Like many sub-Saharan African nations, Malawi is heavily reliant on agriculture: according to 2011 figures from the Ministry of Economic Planning and Development, the agricultural sector accounts for 35 per cent of the country’s gross domestic product and employs 80 per cent of the total work force. Yet Malawian smallholder farmers often struggle with low productivity and low prices. Providing information on market conditions and improved agricultural techniques, known as agricultural extension, can help farmers overcome these issues. Transmission of this information, however, is challenging under conditions in much of rural sub-Saharan Africa.

Those trying to reach farmers often turn to technological solutions. Radio has been used for decades to broadcast important information to smallholder farmers. It remains the most economical and accessible means of communication for rural populations in sub-Saharan Africa. Through farm radio programming, farmers can be informed about market prices, planting techniques, pest control, and other essential information.

But radios are largely one-way forms of communication. How, then, can farm radio programming be tailored to suit the particular needs and concerns of individual farmers? The answer may lie in the rapid spread of mobile phone technology in rural Africa.

Mobile phones have revolutionized the way we communicate and the speed in which information can spread. Their increasing prevalence in places like rural Africa makes them a powerful tool for amplifying voices that often go unheard. With a mobile phone, a African farmer can call into a radio show to speak to an agricultural expert, send a text message to request a topic be covered in future programming, or receive direct notifications about market prices and weather conditions.

Together, radio and mobile phones form the cornerstone of what is known as information and communication technologies (ICTs). ICTs are platforms for communication; how they are used, and what messages are conveyed, is up to those who are utilizing the platforms. Their flexibility means that messages can be created in local languages, and the voice component of ICTs like radio and mobile phones can be used to overcome the obstacle created by low literacy rates. Many local governments and non-governmental organizations across the developing world are striving to use these technologies to reach underserved populations.

In Malawi, there is strong Canadian involvement in the use of ICTs for rural development. A relatively new non-profit organization known as Farm Radio Trust (FRT), an independent organization born in 2009 out of a research initiative by Canadian NGO Farm Radio International, is a leader in the sector. FRT is doing groundbreaking work by producing radio programming that is designed by and responsive to the needs of the farmers it is meant to serve.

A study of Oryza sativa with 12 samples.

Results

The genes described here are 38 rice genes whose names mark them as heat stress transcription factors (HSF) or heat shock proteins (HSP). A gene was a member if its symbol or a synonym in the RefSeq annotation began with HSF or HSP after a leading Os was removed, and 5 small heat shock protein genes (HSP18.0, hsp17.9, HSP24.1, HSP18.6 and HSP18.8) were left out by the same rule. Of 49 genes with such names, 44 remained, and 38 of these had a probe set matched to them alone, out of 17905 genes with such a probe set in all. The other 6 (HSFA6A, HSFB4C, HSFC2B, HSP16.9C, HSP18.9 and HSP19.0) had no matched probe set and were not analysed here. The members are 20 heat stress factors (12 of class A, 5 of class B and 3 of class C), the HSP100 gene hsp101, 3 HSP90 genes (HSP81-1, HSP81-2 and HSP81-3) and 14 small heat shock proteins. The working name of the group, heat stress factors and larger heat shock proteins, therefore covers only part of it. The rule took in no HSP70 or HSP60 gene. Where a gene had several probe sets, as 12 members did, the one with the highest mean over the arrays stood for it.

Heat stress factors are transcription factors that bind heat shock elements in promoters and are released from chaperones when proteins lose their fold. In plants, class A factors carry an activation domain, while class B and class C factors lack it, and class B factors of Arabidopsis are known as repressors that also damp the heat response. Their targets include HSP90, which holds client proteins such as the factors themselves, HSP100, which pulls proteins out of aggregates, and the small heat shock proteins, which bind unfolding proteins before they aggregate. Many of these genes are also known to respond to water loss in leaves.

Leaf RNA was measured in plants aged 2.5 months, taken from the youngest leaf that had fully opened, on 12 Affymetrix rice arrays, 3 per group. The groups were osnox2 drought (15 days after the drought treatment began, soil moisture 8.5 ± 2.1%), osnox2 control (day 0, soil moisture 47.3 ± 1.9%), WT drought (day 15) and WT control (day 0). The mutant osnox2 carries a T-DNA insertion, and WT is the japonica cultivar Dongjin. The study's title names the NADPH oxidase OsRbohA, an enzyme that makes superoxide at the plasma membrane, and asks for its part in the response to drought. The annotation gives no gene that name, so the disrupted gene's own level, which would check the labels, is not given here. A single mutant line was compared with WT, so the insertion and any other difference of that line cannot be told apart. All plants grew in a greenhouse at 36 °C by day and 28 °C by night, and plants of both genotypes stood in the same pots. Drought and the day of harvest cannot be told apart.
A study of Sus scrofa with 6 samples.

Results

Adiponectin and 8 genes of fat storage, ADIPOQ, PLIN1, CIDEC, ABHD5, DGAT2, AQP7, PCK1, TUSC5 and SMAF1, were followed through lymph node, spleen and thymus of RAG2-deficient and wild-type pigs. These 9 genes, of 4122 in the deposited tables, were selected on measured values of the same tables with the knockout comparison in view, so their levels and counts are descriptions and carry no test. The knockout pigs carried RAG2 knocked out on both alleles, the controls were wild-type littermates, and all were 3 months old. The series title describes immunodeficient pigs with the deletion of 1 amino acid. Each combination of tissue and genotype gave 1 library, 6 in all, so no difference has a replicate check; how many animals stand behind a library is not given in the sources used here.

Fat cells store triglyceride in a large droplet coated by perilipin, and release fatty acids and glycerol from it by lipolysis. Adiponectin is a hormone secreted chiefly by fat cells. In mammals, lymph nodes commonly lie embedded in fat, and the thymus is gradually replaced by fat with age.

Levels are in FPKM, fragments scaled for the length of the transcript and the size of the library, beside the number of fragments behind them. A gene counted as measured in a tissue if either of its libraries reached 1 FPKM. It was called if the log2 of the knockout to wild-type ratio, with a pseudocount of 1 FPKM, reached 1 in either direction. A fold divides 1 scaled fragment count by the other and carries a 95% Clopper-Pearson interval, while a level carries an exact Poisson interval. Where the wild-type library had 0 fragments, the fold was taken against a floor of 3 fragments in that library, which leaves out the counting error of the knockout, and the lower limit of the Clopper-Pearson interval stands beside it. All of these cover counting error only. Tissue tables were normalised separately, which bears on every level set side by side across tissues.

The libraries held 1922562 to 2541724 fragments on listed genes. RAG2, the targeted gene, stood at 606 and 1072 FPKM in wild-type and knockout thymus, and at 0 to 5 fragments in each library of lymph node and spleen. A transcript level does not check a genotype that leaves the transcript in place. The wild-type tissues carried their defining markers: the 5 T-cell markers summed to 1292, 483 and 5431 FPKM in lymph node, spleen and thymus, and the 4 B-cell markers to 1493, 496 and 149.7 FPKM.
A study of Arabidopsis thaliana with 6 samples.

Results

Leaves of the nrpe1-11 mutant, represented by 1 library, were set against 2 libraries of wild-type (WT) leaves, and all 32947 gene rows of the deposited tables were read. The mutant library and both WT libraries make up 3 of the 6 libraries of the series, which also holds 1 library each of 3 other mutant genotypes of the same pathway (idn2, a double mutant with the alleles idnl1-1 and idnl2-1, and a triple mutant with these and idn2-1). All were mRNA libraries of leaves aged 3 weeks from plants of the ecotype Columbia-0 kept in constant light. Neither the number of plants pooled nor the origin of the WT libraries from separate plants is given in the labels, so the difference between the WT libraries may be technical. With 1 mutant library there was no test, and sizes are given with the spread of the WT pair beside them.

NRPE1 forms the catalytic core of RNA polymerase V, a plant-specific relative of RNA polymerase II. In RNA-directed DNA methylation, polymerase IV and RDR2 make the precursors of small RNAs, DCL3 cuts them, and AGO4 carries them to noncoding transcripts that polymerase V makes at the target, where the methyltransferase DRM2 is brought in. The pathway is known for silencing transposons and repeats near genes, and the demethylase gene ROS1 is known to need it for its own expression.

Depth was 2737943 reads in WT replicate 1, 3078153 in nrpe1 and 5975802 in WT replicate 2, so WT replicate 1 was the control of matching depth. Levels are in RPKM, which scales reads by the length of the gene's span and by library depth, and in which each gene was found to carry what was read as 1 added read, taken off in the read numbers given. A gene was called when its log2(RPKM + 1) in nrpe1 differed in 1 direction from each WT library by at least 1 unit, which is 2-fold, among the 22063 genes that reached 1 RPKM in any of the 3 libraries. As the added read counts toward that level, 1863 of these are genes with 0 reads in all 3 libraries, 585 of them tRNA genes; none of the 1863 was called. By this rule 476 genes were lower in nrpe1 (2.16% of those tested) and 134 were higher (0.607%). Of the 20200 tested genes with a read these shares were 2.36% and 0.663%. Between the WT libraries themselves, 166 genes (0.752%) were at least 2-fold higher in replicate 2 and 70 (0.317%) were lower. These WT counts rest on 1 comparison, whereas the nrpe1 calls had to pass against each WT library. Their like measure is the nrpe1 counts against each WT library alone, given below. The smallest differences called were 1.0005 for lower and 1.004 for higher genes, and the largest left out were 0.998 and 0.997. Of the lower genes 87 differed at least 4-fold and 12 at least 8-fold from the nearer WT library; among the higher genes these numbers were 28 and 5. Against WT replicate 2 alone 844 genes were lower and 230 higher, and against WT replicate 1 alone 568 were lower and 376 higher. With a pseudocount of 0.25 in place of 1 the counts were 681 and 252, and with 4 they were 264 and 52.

The projects implemented by FRT are supported largely through a strategic partnership with Farm Radio International and partially through funding from the Canadian government. FRT’s success in the use of ICTs to empower farmers is illustrative of the path development organizations need to take. It is also a good example of the type of capacity building projects that international development funders should prioritize.

With ICTs such as radio and mobile phones, truly participatory approaches can be taken toward development work. It is well documented that a failure to take into account local context and knowledge is an issue that perpetually plagues development sector. There is no way to remedy this issue besides opening up communication with those who are meant to benefit from a project and genuinely listening to what they have to say. ICTs provide a useful tool to this end.

Let’s return to the Malawian countryside. The small farming villages that dot the countryside share many similarities: buildings are constructed of mud bricks and thatching, roads are unpaved, and walking is the primary mode of transportation. Two other similarities, however, are also evident: the din of a radio can always be heard in the background, and at least one vendor is selling airtime for mobile phones. These are promising observations for the potential of ICTs in rural development work.

Richard Farthing-Nichol is an undergraduate student at the University of Manitoba. This summer he is working as a monitoring and evaluation intern at Farm Radio Trust in Lilongwe, Malawi.